Angry Birds games are often popular with families because they are easy to pick up and play by anyone. Recently the trend from developer Rovio has been to add more layers of complexity.
Today however, they soft launched a new version of the game that goes back to the simple projectile game-play of the original. Angry Bird Under Pigstruction combines new visuals and classic game-play and will likely be popular with long standing fans of the series.
It's been five years since the original release of Angry Birds and in the intervening period there have been more than ten further games released to expand the franchise. Most recently those games have taken Angry Birds into new genres, with Kart Racers and RPGs. Then there are the growing ranks of cross-over titles, Angry Birds Star Wars and Angry Birds Transformers and of course the inclusion of telepods toys, bridging the physical and digital Angry Birds worlds. So it's perhaps fitting that Rovio have gone back to their roots with the latest entry into the series, Angry Birds Under Pigstruction.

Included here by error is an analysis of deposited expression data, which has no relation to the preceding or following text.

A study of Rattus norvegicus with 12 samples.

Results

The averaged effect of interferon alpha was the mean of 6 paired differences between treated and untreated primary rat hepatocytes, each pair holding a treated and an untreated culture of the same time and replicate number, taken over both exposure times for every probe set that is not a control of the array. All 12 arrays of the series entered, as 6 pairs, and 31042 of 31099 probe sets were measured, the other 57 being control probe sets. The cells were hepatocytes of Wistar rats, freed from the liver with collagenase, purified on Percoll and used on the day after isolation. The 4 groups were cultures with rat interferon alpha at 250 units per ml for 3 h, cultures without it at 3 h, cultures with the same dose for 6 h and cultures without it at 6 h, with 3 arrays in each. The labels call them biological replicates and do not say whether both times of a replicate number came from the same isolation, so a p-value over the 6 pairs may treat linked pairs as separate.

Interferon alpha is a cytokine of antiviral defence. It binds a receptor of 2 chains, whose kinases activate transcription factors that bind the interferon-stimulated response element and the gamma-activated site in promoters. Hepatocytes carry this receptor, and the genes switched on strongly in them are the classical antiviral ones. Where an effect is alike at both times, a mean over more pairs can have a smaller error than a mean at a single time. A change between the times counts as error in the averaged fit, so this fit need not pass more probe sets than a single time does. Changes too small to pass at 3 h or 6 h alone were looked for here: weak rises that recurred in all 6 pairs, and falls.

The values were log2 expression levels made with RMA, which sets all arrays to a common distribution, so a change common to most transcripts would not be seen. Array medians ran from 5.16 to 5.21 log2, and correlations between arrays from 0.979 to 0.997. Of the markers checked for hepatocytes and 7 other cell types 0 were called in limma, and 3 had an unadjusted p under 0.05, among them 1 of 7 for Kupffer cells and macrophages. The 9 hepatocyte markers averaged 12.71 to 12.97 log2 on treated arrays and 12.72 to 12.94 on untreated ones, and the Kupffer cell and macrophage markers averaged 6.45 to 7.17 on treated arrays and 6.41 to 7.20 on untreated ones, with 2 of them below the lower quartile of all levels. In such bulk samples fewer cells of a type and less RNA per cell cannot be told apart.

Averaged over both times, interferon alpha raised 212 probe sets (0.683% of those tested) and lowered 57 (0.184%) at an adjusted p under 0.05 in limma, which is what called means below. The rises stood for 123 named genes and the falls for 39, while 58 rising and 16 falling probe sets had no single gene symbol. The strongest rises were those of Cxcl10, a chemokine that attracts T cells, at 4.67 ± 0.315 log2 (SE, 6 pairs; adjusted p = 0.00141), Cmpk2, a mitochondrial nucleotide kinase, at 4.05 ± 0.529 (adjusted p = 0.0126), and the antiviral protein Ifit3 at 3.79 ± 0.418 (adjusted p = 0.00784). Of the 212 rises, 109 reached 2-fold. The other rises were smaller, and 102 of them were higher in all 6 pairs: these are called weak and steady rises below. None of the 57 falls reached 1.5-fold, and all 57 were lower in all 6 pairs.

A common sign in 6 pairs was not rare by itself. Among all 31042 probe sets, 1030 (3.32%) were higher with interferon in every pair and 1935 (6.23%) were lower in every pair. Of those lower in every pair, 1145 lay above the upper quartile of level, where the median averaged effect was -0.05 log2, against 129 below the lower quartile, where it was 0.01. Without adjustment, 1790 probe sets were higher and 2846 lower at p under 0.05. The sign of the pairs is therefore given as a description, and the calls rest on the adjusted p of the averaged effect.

Toons.TV has been a big success for Rovio and it's inspiration can be felt in Angry Birds Under Pigstruction, as the standard Angry Birds formula gets a new level of polish and a more cartoon-like aesthetic to complement the familiar physics based gameplay. Characters have more personality, both visually and through their game-play, while structural assets in the game world appear with far more detailed textures.
Angry Birds Under Pigstruction follows the tried and tested Angry Birds game-play formula, but builds in a lot of the ideas that Rovio have learnt over the years from titles like Angry Birds Star Wars and Angry Birds Stella. Boss battles are a notable inclusion, diverting attention from the standard structural demolition to instead try to bring the house crashing down on top of one of the bigger badder piggies in the game to progress. Spell power-ups also bring an added freshness to the game-play, but again it all feels very familiar.
Players can also select which order they use the birds from their flock to tackle each level, with each having it's own unique power, making the technical challenge of each level a little more interesting than a simple pull and fling. This is all more evolutionary than revolutionary, but it looks and feels just as fun as our first experience with the furious foul.
There is no word yet on whether there will be Telepod toys for the game although this seems unlikely. While competitors like Sick Bricks bring Lego-style scan-able toys to their game, and Lego's own Mixels now offering a related game app, it's interesting to see Rovio including this selectively.
The app is expected to be released worldwide later this year.